George "Petey" Thornton came to Louisiana Tech University in the fall of 1968 as a basketball player ... and a high jumper. He loved both pursuits, but high jumping would have to wait a year.
He lettered four times in each sport, but no question he was much more successful individually in track and field.
Tech basketball coach Scotty Robertson would not allow him to high jump after his freshman season, wanting him to use the off-season to develop his basketball skills. But in his second year at school, he joined Coach Jimmy Mize's track team, although he got a late start and limited practice.
In four years, he finished second twice in the Gulf States Conference meet, clearing 6-10 in 1970 in only his second meet of the season and 6-6 in 1971. Tech switched conferences and he won the Southland Conference title in 1972 with a 6-9 jump, using the fairly new "Fosbury Flop" technique from about the mid-point of that track season.
Because he needed a fifth year in school to earn his degree, and his basketball eligibility was done, he had the 1972-73 school year to work on his high jumping. It paid off.
|George Thornton "flopped" his way to two conference|
high jump championships, 1972 and 1973
"I'm very happy about it now," he told me for my April 1973 column on him in The Shreveport Times. "If I had had to come back for my fifth year and not been able to compete, it would have been a real sad year. I'm an athlete, I want to participate."
He again won the Southland title by clearing 6-10 1/2, and helping Tech win the conference championship. He also qualified to compete in the NCAA Championships in Baton Rouge that summer, but did not place.
His desire to compete in track, taking time away from off-season basketball work, might have caused some difficulty with Robertson, who -- as mentioned in the previous blog piece -- could be a controlling coach.
"We didn't have the closeness we had before," George said a couple of weeks ago, "and I think that did it."
But he credits Mize, the gentlemanly longtime Tech assistant football/head track and cross-country coach who is 98 and living with Mrs. Mize in Baton Rouge, as a positive influence.
|Tech track and field coach Jimmy Mize holds the 1973 Southland Conference|
championship trophy; George Thornton is at far right, bottom; longtime Tech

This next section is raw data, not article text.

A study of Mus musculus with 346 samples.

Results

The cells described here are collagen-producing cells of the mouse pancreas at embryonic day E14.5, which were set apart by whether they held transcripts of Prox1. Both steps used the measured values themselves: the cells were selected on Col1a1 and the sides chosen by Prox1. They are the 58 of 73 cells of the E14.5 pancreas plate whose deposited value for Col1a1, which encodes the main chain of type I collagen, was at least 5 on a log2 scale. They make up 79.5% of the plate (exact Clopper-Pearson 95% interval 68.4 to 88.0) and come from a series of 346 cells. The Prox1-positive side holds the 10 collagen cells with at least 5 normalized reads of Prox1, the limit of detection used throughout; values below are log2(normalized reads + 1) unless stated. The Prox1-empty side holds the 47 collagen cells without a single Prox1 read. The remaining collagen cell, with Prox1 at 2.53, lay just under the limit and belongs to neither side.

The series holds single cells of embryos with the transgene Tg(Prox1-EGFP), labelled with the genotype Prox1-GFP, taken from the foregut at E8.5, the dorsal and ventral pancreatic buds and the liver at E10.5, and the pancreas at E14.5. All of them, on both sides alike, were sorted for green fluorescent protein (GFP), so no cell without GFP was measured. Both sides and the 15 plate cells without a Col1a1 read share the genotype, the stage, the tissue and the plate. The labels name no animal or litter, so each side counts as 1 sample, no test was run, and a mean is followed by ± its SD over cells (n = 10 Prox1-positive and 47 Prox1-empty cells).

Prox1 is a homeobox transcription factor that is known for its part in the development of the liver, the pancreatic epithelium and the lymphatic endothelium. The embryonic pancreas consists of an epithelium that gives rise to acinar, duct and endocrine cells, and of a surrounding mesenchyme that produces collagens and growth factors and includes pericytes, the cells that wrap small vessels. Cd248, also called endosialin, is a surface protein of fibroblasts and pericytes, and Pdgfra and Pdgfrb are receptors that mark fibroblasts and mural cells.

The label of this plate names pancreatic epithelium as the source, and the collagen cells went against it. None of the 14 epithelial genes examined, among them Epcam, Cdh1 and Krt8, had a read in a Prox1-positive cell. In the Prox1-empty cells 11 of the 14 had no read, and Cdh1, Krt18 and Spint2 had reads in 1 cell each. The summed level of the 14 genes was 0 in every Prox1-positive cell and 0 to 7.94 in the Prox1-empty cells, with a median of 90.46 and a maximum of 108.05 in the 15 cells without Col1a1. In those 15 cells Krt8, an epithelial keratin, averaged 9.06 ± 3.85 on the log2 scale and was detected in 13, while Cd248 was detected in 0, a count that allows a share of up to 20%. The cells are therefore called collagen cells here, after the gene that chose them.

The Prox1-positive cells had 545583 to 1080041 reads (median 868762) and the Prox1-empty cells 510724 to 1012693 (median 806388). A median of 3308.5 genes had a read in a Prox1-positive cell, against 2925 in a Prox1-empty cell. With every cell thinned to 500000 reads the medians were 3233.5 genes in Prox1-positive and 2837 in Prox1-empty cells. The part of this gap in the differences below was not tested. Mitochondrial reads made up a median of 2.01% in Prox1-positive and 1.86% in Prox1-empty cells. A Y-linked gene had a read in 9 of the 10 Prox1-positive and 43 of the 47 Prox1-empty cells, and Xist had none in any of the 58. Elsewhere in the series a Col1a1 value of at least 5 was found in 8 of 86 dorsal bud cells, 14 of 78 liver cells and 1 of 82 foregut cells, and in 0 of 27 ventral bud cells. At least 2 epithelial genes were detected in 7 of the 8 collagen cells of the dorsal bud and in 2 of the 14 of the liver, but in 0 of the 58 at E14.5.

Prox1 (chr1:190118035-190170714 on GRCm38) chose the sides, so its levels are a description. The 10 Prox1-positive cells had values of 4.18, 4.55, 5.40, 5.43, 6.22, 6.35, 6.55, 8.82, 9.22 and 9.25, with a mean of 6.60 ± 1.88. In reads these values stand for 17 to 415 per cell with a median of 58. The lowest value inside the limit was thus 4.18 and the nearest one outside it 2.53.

athletic council chairman Harold Smolinki (left) made the presentation
And it helped lead to a brief coaching career.
After he graduated from Tech in 1973, Thornton returned home to Kirkwood, Mo., and was a teacher-coach at the high school from which he graduated five years earlier (he was inducted into the school's athletic Hall of Fame). He was the head cross-country country and assisted in track and field and wrestling, and he enjoyed it all.
He wanted to coach basketball there, but the job didn't come open. To increase his financial status, after a couple of years, he moved into the insurance business and eventually started his own insurance agency.
Then came the metal services business -- "you can make money on stuff people throw away," he said -- and it keeps him and Judith busy. Arranging time for a lengthy interview with him, and even a second shorter one, took a little doing.
Life has had "its ups and downs," including the tragic death of a brother in Kirkwood and the recent death of another brother. But there remains a large family and "the good thing about playing sports," he says, "is that it taught me to keep pushing, to work hard, and you will overcome, and things get better."
He's returned to Ruston, and Tech, a couple of times -- once for an alumni basketball game/reunion, one for a banquet honoring Scotty Robertson.
He remains fondly thought of by those of us who were at Tech in the late 1960s.
"Petey was a great guy. ... I loved Petey," Buddy Davis wrote to me. "He was such an upbeat, nice guy who was always smiling and happy. He was the kind of person that if you had a downer of a day or whatever, his disposition could lift you up."
"I can't say anything but good things about him," Robertson said in 1973. "He always did what was asked of him, and he contributed."
"I think I've accomplished a lot of things," Thornton said then. "I've learned respect for a lot of people and I think I'm respected by a lot of people. They know me when they see me and they speak to me. Everything is OK."
I would say, 42 years later, that for Louisiana Tech's trailblazing black athlete, it's still OK.